Bugs of the day, Monday 2013-03-25

Initialized, but not in the right order

One runtime bug today, being fallout from an attempted fix for Friday’s Unexpected use of class bug.

To recap/elaborate: I changed something like this

struct Foo : public Baz {
  Bar* m_Bar;
  virtual void Destroy() override { }

to be something more like this

struct Foo : public Baz {
  Bar* m_Bar;
  virtual void Destroy() override { m_Bar->Destroy(); }

and I had assumed this would be OK because I [thought that I] knew the only place that Foos would be created, which would always safely initialize m_Bar.

Unfortunately, there is another way to construct these objects with some unexpected (bad) input data that would not initialize m_Bar. In such a case, Foo::Destroy() would crash because m_Bar pointed at who-knows-what.

So I implemented something like

struct Foo : public Baz {
  Bar* m_Bar;
  virtual void Init() override { m_Bar = NULL; }
  virtual void Destroy() override {
    if( m_Bar != NULL)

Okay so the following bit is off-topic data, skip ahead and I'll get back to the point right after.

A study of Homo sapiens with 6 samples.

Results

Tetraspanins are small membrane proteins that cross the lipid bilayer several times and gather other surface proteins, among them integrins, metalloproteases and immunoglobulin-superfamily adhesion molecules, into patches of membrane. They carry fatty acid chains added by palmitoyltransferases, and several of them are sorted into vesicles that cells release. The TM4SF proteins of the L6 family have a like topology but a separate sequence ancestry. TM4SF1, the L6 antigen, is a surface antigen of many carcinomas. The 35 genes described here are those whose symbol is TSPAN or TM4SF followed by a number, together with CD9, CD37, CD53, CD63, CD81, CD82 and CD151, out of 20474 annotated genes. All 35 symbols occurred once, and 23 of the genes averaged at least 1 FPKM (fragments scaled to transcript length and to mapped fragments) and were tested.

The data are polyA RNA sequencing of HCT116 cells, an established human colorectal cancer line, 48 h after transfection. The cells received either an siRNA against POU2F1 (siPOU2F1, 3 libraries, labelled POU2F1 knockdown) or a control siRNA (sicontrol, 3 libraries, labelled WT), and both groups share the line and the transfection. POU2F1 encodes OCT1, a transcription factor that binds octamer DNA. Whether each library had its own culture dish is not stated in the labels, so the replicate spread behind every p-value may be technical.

“Hooray,” I thought. “That will catch those pesky bad datas.”

In practice what I got was a crash from the first thing that tried to use m_Bar.

It turns out that the construction path for Foos sets up m_Bar before calling Foo::Init(), so now our correctly constructed Foo object has it’s valid data overwritten by an overzealous initialization function.

Foo::Init() is called from both the preferred and not-preferred construction paths, so my hope had been to fix it there and catch use of the not-preferred path, but this didn’t work. My next thought was to reorder the setup of m_Bar and the call to Init(), but that seemed far too risky — there are a lot of subclasses of Foo, and many of them have non-trivial Init() overrides of their own, so there is a high probability that something else will break if m_Bar is not set up before the call to Init().

The winner this time seems to be to initialize the member to zero using: a constructor. Yes, it’s probably the obvious option, but for much of this codebase explicit Init() functions are used instead of constructors. Fortunately, for Foo and its friends (sub classes, parent class) we call the constructor (via placement new) to set up the vtable for us, so we can use it to also initialize the m_Bar pointer and consequently help catch occurrences of bad data in a less fatal fashion.